A working group of the Childrens Services Commission is holding a meeting of the minds to figure out how to best combat human trafficking in Missouri for sex and labor.
Representative Jeff Grisamore of Kansas City says legislators, law enforcement, the U.S. Attorney’s Office, prosecutors and the FBI are working on strenthening penalties for sex trafficking and labor trafficking in Missouri, so they better match federal punishments.
Grisamore says they’re looking at legislation that would expand the statute of limitations, strengthen safe harbor laws, put in place mandatory reporting requirements and more.
He says the majority of cases are in St. Louis and Kansas City, but there is evidence of human trafficking in outlying areas of Missouri, too, either for labor or sex.
Grisamore says the problem is growing, and some of the biggest cases in the nation are being tried in Missouri.
He says state law caps some of the crimes at five years, when federal laws impose up to 15 years. The goal is to get state law more in line with federal punishment to provide a deterrant to those who exploit kids and adults for sex and labor.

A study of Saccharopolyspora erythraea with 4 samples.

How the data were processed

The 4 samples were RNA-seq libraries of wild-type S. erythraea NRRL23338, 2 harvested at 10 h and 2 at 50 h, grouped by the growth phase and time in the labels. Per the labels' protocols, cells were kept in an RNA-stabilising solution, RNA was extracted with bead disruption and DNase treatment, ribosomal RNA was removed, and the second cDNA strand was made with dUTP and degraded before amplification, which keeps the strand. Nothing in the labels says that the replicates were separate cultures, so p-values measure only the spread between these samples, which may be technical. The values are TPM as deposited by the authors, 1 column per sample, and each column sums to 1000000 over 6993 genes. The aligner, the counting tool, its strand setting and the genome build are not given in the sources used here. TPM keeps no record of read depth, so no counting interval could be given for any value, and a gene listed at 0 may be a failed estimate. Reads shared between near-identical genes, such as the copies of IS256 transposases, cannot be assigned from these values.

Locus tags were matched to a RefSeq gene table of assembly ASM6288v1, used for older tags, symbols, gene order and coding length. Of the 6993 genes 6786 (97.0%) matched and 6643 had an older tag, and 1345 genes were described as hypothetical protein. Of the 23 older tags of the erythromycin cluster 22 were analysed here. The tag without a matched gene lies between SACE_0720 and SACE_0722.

“We want to expand the statute of limitations, strenthen safe harbor laws, and implement mandatory reporting requirements,” he says, pointing out the need for an advisory counsel that would bring together all state departments involved, such as the Department of Public Safety, Department of Social Services, law enforcement and prosecutors from the state, federa l and county level, the U.S. Attorney’s Office, Highway Patrol and others.
Legislation has been filed — HB 214 — to start the process of cracking down on human trafficking in Missouri. The bill would more completely define human trafficking, as well as create harsher penalties to those convicted of the crime.